Tuesday, May 30, 2006

Evidence of massacre by Marines caught on film

The Courier Mail

PHOTOGRAPHS taken by US military intelligence have provided crucial evidence that up to 24 Iraqis were massacred by marines in the insurgent stronghold of Haditha.

One photograph shows an Iraqi mother and young child, kneeling on the floor as if in prayer. They have both been shot dead at close range.

The pictures also show other Iraqi victims, shot execution-style in the head and chest in their ownhomes.

A US government official said the marines involved had "suffered a total breakdown in morality and leadership".

The killings are emerging as the worst known US atrocity of the Iraq war.

At least seven women and three children were among those killed in the massacre.

Witness accounts obtained by The Sunday Times suggest the number of children killed may be as high as six.

"This one is ugly," a US military official said.

In Britain, the chief of the defence staff, Air Chief Marshal Jock Stirrup, said at the weekend the "appalling" reports of the massacre could undermine British support for the war.

"This sort of accusation does make that harder to achieve," Air Chief Marshal said.

The pictures of the dead, which are being closely guarded by the US military criminal investigation service, were taken by a military photographer who is believed to have arrived on the scene moments after the shootings.

Many US forces are accompanied by photographers to gather intelligence and to shield soldiers from accusations of torture, intimidation and violence.

But the evidence in this case points to a murder rampage by the US marines.

The stain on the US military could prove harder to erase than the photographs of sadistic abuse and torture by US guards at the Abu Ghraib prison in Baghdad.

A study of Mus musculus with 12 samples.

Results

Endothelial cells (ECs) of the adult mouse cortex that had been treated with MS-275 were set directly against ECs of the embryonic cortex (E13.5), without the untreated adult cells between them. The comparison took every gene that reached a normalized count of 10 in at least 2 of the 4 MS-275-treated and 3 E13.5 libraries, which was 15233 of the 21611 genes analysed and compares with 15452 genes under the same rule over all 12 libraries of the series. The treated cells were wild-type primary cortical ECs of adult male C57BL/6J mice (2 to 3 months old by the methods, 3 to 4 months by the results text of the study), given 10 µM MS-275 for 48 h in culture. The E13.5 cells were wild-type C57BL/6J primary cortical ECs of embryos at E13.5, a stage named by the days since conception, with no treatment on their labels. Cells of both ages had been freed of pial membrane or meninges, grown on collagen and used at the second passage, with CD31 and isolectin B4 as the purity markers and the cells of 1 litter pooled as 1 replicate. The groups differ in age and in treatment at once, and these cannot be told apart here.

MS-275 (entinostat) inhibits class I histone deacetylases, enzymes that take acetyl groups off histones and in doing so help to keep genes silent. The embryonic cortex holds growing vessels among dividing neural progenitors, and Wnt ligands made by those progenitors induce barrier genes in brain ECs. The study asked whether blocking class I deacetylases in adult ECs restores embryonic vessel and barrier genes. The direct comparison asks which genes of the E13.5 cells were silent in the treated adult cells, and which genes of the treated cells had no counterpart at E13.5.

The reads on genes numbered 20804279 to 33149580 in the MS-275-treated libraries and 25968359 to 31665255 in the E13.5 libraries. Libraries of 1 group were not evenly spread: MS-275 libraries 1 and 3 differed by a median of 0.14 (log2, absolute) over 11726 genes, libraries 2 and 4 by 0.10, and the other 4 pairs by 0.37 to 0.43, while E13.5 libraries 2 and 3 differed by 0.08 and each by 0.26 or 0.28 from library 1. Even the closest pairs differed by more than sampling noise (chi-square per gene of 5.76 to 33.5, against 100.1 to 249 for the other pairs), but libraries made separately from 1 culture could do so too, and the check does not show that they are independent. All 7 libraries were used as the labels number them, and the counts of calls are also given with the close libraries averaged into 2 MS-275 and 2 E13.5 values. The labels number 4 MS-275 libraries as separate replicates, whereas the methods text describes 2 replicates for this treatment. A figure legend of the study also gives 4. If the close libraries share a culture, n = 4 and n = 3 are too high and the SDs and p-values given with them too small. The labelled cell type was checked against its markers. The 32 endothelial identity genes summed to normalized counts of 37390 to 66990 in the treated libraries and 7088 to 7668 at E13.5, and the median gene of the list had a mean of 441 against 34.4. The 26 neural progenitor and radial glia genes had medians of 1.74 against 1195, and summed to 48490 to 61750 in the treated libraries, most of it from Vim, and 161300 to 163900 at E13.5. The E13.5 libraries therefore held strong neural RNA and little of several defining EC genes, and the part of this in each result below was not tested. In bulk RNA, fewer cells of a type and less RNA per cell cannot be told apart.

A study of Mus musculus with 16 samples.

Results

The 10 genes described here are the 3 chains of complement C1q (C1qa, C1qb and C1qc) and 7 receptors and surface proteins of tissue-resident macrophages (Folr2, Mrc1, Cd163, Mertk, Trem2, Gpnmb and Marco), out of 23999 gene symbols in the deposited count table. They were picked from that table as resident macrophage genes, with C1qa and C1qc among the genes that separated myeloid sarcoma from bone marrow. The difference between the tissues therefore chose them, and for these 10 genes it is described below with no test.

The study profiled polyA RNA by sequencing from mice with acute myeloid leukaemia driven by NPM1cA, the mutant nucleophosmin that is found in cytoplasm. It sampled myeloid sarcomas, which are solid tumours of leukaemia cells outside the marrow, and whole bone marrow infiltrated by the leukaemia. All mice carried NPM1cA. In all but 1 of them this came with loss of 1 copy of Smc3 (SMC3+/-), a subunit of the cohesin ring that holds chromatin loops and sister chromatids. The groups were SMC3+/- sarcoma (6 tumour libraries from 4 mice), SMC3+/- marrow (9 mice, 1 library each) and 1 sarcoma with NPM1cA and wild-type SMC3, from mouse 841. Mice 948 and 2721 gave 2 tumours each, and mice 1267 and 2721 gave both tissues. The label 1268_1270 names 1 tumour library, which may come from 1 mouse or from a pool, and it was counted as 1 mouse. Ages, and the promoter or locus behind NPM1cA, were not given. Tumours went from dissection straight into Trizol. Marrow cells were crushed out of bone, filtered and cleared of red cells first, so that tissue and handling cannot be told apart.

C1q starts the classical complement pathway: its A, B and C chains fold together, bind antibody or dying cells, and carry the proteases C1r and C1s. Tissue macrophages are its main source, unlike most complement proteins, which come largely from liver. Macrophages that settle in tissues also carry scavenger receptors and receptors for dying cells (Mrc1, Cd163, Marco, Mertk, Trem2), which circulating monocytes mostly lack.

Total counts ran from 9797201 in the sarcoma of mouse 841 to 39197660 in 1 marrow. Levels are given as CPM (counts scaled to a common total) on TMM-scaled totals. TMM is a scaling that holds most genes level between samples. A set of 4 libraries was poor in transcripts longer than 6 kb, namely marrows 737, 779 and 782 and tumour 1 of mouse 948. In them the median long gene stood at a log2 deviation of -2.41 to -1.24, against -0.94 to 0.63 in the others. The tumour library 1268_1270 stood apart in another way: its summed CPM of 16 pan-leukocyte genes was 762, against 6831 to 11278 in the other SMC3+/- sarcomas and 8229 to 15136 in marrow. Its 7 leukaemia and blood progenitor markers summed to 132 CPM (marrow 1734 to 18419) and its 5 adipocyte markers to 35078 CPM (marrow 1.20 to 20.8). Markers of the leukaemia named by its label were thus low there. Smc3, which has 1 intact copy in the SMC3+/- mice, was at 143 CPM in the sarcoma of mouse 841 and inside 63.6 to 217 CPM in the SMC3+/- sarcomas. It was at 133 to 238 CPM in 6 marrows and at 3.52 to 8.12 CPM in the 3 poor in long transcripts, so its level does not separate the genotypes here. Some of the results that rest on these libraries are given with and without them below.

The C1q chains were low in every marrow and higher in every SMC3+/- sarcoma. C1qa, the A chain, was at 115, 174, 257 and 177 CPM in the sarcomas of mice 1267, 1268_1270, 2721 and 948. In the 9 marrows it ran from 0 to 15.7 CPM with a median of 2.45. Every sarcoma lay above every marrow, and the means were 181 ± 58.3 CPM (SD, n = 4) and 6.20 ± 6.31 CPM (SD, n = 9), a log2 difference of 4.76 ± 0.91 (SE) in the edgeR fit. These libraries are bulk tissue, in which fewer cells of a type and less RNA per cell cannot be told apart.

Comparisons are being made to the My Lai massacre in Vietnam in 1968, in which US troops slaughtered 500 villagers.

Up to a dozen marines may face criminal charges -- including murder, which carries the death penalty -- dereliction of duty and filing false reports.

Three marine commanders were suspended last month.

With a political storm brewing, the top US marine, General Michael Hagee, flew to Baghdad on Friday to tell his troops they must kill "only when justified".

The naval inquiry is focusing on the actions of a sergeant who may have been the leader of a four-man fire team.

Miguel Terrazas, 20, a lance-corporal from El Paso, Texas, was travelling in a convoy of four Humvees in Haditha just after 7am on November 19 last year when a roadside bomb struck his vehicle, killing him and wounding two others.

The events that followed are the subject of two military inquiries due to report soon: one into the facts of the case, the other into a cover-up.

One witness, Aws Fahmi, heard his neighbour, Yunis Salim Khafif, plead for his life in English, shouting: "I am a friend, I am good."

"But they killed him, his wife and daughters," Fahmi said.

Haditha, about 225km northwest of Baghdad, has long been considered a rebel stronghold. It is among a string of Euphrates Valley towns used by insurgents and foreign fighters to infiltrate from Syria to reach Baghdad and the Sunni heartland.